It appears that Himeji is a bad cook.
On the surface, this looks like a subversion to the obento trope where girls always make absolutely delicious lunch boxes for the objects of their affections. Even though Himeji’s lunch tasted bad, however — so bad that it poisons — her immaculately constructed obento actually subverts nothing:
…the potential to aestheticize a certain social order, a social order that is coded (in cultural and culinary terms) as Japanese. Not only is a mother making food more palatable to her nursery school child, she is creating food as a more aesthetic and pleasing social structure. The obento’s message, then, is that the world is constructed very precisely and the role of any single Japanese is that world must be carried out with the same degree of precision. Production is demanding; and the producer must both keep within the borders of her or his role and work hard. — Permitted and Prohibited Desires: Mothers, Comics, and Censorship in Japan, page 102
Perhaps it tastes bad only because Himeji is not yet a mother; she has time to perfect the craft. Her attention to detail, however, reflects more than just her “A-level” aptitude. Look across every other anime, manga or dramas and you’ll often find that most obento are immaculately designed as if it is a requirement.
Of course it is pleasing to the eye and we all like that which is pleasing, but the message here is that a woman is an inferior mother if the obento isn’t up to par aesthetically:
Presentation is critical not to the extent that taste and nutrition are displaced, as has been sometimes argued, but to the degree that how food looks is at least as important as how it tastes and how good and sustaining it is for one’s body. — page 84
But what if a woman doesn’t have time to aesthetically design an obento? What if she has a career? Can’t it be enough that the meal is nutritious and tasty?
Few mothers at the school my son attended could afford to work even part-time or temporary jobs. Those women who did tended either to keep their outside work a secret or to be reprimanded by a teacher for insufficient devotion to their child. Motherhood, in other words, is institutionalized through the child’s school and such routines such as making the obento as a full-time, stay-at-home job. — page 96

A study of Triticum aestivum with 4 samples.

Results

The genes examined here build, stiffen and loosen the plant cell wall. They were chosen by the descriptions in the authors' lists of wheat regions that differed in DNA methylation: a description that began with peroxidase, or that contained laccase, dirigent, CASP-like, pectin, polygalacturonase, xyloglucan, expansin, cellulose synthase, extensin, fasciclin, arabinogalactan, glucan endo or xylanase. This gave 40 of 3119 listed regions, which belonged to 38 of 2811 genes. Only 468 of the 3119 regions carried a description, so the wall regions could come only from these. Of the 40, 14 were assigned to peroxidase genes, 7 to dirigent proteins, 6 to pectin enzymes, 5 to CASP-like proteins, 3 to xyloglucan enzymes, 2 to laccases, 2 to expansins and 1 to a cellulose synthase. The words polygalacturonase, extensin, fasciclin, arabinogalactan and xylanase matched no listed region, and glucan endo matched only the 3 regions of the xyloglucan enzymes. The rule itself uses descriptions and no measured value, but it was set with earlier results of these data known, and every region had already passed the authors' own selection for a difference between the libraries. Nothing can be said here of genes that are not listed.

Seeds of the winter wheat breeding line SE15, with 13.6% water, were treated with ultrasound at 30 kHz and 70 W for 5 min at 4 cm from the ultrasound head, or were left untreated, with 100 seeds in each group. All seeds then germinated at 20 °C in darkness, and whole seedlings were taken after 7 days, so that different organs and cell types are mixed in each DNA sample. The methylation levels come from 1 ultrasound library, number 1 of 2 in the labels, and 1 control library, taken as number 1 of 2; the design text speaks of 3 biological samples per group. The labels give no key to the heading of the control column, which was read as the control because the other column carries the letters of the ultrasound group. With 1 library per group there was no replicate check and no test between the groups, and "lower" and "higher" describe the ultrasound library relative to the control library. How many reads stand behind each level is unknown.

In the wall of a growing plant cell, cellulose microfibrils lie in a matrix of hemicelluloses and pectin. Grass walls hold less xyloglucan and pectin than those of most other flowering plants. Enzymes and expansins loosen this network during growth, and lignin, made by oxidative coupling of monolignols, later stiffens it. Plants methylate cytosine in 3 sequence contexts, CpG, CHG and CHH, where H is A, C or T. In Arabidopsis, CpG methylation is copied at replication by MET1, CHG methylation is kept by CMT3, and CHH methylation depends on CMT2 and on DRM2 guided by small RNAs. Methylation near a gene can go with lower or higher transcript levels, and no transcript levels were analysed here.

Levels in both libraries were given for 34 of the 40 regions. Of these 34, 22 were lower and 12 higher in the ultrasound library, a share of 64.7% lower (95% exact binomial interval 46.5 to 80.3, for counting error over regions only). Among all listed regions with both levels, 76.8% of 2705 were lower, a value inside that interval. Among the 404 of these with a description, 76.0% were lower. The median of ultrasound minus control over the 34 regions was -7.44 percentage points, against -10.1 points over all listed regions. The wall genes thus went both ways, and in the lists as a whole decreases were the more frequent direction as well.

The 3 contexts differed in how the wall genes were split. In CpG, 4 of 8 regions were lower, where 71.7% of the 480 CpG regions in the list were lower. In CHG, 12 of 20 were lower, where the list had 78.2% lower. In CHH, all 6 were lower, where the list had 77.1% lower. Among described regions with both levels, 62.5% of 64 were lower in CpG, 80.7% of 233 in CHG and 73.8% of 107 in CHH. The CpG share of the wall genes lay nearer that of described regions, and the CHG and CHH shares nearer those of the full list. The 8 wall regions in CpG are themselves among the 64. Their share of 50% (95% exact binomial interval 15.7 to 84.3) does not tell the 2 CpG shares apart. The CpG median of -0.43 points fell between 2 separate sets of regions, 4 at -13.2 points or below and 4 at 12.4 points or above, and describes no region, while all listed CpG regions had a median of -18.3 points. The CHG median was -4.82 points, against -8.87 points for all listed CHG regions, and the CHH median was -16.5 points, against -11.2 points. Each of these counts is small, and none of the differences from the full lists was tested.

The end result is that women becomes a cheap source of labor for menial jobs. Women rarely have the time to do much else if they wish to portray themselves as good mothers (103). This is an unfortunate reality for an industrialized country where (ironically) the more educated a woman is, the less likely she’ll be to enter full-time employment (xviii).
Minami tells us in this same episode that it just so happens that she made too much food. As a result, she conveniently has two obento. She obviously has a crush on Akihisa (God knows why), but is unwilling to admit to the world this very fact. It appears natural that she should make Akihisa an obento. We rarely ask ourselves, however, why the male almost never makes an obento for the object of his affections.
No Japanese man I spoke with had or desired the experience of making a nursery school obento even once… The male is assigned a position in the outside world where he laborsat a job for money and is expected to be primarily identified by and committed to his place of work. — page 102
Yes, Kyon has to buy everyone drinks as a result of losing some card game, but the function remains entirely the same. Girls usually make things for guys and guys usually buy things for girls. In last week’s episode of Baka to Test to Shokanju, we saw Akihisa being forced to take both Minami and Himeji to the theaters. We also saw him being forced to buy them crepes. Although he had little money and was practically starving because he can’t afford anything to eat, he nevertheless didn’t complain nor object. His gendered expectation is to provide for his women regardless of his circumstances or he would be deemed a failure as a man. As a result, we have a gendered division of labor. Men are identified by their purchasing power while women are identified by things such as making obento.
Ever so rarely, however, we see this trope subverted.
In Persona 4, not only are the girls typically bad at cooking (hilariously bad at it too), but the player has the choice to cook for his friends. It is in fact encouraged as friendships are important to both the story and gameplay. As a video game, this implies an interesting message: since we are in control of the player, we don’t have to obey the status quo; we can transcend the limitations. Anime, on the other hand, as a narrative on rails — a story that we as the audience (typically) cannot influence — may perhaps only reflect the culture that produced it.